See bitterns, Sora, Black Terns, herons, and owls on an exceptional island near downtown Montréal.
By Richard Gregson | Published: 6/22/2007
It’s the remarkable reliability of the birding that draws me back to Ile-Bizard time after time. The time of day or year doesn’t matter; there are always good birds to be seen, most with little effort.
Some occasions — such as the magical winter of 2004-05, when about 20 Great Gray Owls came south and stayed for several weeks — are exceptional, but most days at Ile-Bizard are good birding days, and many are simply outstanding. Once a Least Bittern perched on a boardwalk railing just three feet away long enough for me to unpack and focus my camera — minus five seconds!
The extensive marsh and reed beds are full of common and rare species, of which the Least Bitterns, Sora, Black Terns, and assorted sparrows and ducks are especially interesting. In the forested area, warblers are reliable in spring and fall, while raptors hunt overhead and several breed in the park. Peering through the trees, you should spot Wood Duck. Owls may also be found. On the lakeshore, look for ducks and gull species, and enjoy the extensive views across the river/lake to the provincial park at Oka, another place worth your attention.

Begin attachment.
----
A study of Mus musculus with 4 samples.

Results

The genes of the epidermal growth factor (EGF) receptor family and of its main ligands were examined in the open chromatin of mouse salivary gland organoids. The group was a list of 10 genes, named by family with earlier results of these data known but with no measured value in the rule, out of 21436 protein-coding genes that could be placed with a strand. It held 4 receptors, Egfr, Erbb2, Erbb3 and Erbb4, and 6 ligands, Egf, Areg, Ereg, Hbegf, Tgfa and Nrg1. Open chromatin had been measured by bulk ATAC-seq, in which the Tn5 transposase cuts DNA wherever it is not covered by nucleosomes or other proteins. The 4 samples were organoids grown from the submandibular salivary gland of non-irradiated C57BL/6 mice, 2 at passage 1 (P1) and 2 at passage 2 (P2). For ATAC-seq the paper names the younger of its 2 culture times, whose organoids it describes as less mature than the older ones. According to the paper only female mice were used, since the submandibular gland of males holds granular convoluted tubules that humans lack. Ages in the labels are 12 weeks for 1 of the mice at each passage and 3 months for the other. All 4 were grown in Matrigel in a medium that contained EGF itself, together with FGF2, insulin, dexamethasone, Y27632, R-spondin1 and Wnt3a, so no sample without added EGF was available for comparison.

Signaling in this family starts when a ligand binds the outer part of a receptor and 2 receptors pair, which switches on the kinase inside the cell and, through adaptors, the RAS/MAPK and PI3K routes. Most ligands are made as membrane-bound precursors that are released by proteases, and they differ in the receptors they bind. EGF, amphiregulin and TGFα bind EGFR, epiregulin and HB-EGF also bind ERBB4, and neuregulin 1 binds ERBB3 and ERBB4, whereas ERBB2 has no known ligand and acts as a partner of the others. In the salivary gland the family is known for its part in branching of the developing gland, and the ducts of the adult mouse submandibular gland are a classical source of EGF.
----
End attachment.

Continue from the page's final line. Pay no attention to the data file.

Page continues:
The Ile-Bizard nature park is one of several maintained by the city of Montréal. All are excellent places to see birds, but this is, without a doubt, my favorite. You won’t be disappointed. — Richard Gregson
Richard Gregson is a biologist, a board member of Bird Protection Quebec, and a co-chair of its bird sanctuary committee. He also runs various birding-related websites and local wildlife-related information resources.
At a Glance
Click on coordinates below to view map:
Parc-nature du Bois-de-l’Île-Bizard
2115 Chemin du Bord-du-Lac
Ile-Bizard, Quebec H9K 1C6
Mixed habitats. Marsh and reed beds, Laurentian forest (mixed maple stands, evergreen, birch, oaks), shoreline and beach.
Flat with occasional very gentle slopes. Six miles of good-surfaced trails with boardwalks over marshy areas, almost all wheelchair-accessible. Cross-country ski trails in winter.
Virginia Rail, Sora, Black Tern, Black-crowned Night-Heron, Green Heron, Least Bittern, raptors, Barred Owls. All the regional warblers especially during migration. Great Gray and Snowy Owls in winter. Many duck species in season and Wood Duck all summer.
When to go
All seasons, but spring and fall migration periods are especially worthwhile. On weekends go early in the day, when birds are about and joggers are not.
Visitor center north of parking lot with display area, restrooms, and snacks open 10-5 daily (10-7 from June 18 to August 28).
City park. Admission free. Parking $5/car. Lot closes at dusk, but trails remain open all night. A car ferry runs between Ile-Bizard and Laval-des-Rapides in spring and summer.
Be prepared to spend more time on the boardwalks than you might expect. A scope is useful. You won’t need boots.